Parent Advocacy... Or, Should I Hire an Advocate?


Circulation: 98,627
ISSN: 1538-320
May 5, 2015

Pete Wright presents a Wrightslaw Special Education Law & Advocacy Traning Conference

Wrightslaw Training

Knoxville, TN
June 17

Register Today!

IEP meeting tableEffective parent advocates have decision making authority at IEP meetings.

As the parent of a special needs child -

  • you represent your child's interests
  • you are a key member of the IEP team
  • you are not a spectator, you are an active participant

When you negotiate with the school on your child's behalf, you increase the odds that your child will get an appropriate education.

But many parents describe the process of negotiating with the school as a frustrating, exhausting ordeal. Others describe IEP meetings as intimidating and overwhelming.

If you feel this way, don't hesitate to take support to the IEP meeting.

In this issue of the Special Ed Advocate you will learn the law and regulations about your rights and parental role in the IEP process. Learn how to be an effective parent advocate or get tips for hiring a lay advocate of your choice.

Please don't hesitate to forward this issue to friends, family members, or colleagues.


Parent Power to Make Educational Decisions

IDEA gives you the power to make educational decisions for your child. Do not be afraid to use your power. Use it wisely. Don’t be afraid to take charge.

In this self-study series, Parent Rights and Responsiblities in the IEP Process, you will learn that your role is equally important as the educational professionals.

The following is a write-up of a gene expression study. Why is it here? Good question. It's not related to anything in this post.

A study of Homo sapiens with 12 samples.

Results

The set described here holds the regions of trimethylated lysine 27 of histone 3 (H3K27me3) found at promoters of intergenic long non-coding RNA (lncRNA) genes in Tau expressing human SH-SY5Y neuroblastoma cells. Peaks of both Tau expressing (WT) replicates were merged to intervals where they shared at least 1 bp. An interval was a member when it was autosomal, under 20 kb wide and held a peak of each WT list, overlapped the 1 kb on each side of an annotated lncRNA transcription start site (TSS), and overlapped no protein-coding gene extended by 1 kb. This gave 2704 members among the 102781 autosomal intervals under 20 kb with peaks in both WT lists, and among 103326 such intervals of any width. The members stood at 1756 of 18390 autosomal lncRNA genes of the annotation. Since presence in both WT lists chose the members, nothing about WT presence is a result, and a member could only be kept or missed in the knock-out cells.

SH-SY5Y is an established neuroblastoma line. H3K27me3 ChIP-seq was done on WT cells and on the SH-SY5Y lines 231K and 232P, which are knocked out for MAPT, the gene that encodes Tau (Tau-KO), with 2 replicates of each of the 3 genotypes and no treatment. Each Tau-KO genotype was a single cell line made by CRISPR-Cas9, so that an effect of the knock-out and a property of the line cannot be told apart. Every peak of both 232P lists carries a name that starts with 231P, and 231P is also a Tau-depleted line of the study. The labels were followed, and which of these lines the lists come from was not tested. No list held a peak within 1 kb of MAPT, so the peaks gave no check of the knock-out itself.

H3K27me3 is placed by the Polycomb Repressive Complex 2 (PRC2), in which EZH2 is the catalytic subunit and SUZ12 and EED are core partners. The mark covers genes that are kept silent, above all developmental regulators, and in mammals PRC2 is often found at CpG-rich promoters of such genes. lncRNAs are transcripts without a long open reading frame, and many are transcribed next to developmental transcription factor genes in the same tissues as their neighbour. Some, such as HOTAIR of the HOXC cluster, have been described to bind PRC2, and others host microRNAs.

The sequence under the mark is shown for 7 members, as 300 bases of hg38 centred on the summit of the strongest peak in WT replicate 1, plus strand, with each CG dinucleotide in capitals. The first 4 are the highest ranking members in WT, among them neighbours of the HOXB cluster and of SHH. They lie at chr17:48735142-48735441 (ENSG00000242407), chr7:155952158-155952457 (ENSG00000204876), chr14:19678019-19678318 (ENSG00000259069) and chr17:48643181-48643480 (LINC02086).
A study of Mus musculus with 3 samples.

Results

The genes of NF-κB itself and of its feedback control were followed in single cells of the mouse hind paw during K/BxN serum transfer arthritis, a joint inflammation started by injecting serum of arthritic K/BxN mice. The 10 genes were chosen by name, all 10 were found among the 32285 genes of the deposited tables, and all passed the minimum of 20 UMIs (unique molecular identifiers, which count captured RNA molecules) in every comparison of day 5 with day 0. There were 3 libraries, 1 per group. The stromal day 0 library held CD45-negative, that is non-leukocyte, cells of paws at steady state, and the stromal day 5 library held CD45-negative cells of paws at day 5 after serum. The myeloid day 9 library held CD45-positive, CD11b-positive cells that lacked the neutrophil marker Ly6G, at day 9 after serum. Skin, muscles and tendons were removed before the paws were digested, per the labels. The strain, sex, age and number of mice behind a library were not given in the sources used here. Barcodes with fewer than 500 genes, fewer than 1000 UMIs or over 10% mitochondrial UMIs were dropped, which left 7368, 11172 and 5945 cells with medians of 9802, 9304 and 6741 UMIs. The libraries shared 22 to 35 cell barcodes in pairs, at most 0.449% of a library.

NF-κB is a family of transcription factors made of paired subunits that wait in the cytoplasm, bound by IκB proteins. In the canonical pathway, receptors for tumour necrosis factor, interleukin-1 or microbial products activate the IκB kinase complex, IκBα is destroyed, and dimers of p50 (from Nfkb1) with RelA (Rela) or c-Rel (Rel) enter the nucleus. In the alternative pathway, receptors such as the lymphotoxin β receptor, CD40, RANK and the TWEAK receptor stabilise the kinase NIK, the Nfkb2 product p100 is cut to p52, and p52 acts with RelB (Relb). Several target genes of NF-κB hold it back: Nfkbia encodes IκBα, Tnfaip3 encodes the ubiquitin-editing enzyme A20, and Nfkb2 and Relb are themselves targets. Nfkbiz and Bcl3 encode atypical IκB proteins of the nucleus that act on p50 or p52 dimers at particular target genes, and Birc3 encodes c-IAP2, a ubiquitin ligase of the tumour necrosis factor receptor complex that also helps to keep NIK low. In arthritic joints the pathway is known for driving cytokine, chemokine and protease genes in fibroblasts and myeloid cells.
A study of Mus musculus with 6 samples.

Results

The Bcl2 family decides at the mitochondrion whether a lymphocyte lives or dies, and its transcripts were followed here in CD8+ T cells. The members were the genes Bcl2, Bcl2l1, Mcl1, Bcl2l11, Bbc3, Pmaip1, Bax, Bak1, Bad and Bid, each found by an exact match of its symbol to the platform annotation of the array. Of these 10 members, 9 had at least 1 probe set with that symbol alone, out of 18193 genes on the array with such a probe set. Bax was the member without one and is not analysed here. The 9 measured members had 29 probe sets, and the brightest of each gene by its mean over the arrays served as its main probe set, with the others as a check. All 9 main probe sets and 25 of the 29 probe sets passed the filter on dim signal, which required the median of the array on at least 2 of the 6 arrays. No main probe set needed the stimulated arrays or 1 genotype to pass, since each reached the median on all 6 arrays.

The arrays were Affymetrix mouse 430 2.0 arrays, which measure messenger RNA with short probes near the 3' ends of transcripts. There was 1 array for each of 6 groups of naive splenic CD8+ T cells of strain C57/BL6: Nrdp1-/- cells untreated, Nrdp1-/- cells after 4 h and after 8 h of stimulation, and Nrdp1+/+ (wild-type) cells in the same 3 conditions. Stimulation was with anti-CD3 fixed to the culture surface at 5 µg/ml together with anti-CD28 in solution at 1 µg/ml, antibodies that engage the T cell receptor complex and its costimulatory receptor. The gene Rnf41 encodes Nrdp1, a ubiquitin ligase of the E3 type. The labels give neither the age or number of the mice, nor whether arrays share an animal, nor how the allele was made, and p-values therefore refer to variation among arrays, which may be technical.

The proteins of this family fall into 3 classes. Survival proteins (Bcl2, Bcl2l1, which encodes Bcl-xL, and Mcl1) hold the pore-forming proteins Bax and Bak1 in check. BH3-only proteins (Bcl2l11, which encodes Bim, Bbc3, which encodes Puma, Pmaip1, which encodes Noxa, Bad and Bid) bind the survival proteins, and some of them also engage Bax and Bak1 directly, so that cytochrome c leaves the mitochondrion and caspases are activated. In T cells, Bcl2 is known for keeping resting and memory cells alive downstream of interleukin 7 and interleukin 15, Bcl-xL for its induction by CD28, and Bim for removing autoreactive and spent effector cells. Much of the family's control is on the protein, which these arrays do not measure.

Wrightslaw: From Emotions to Advocacy, 2nd Edition

Effective Parent Advocates: The Secrets of Success!

Effective advocacy comes from research, planning, and preparation. Successful parent advocates know what is important and what is not worth fighting about.

Get the knowledge and skills you need. Wrightslaw: From Emotions To Advocacy, 2nd Edition


New Article! Should I Hire an Advocate?

Parents who are looking for a special education lay advocate must follow the doctrine of “let the buyer beware." Here are some tips that may help parents choose carefully.

10 Tips for Finding an Advocate by Indiana Advocate Pat Howey.


happy kids in class

Can Our Advocate Observe in the Classroom?

Can our advocate observe my son in the classroom? The school denied my request.

To be an effective team member, your advocate may need to do a classroom observation. No law prohibits people (people other than school staff and the parent) from observing the child in the classroom.



"Thanks for the trustworthy information an support you provide through the Wrightslaw web site and newsletter. You helped our family act when we needed to - we are thriving now."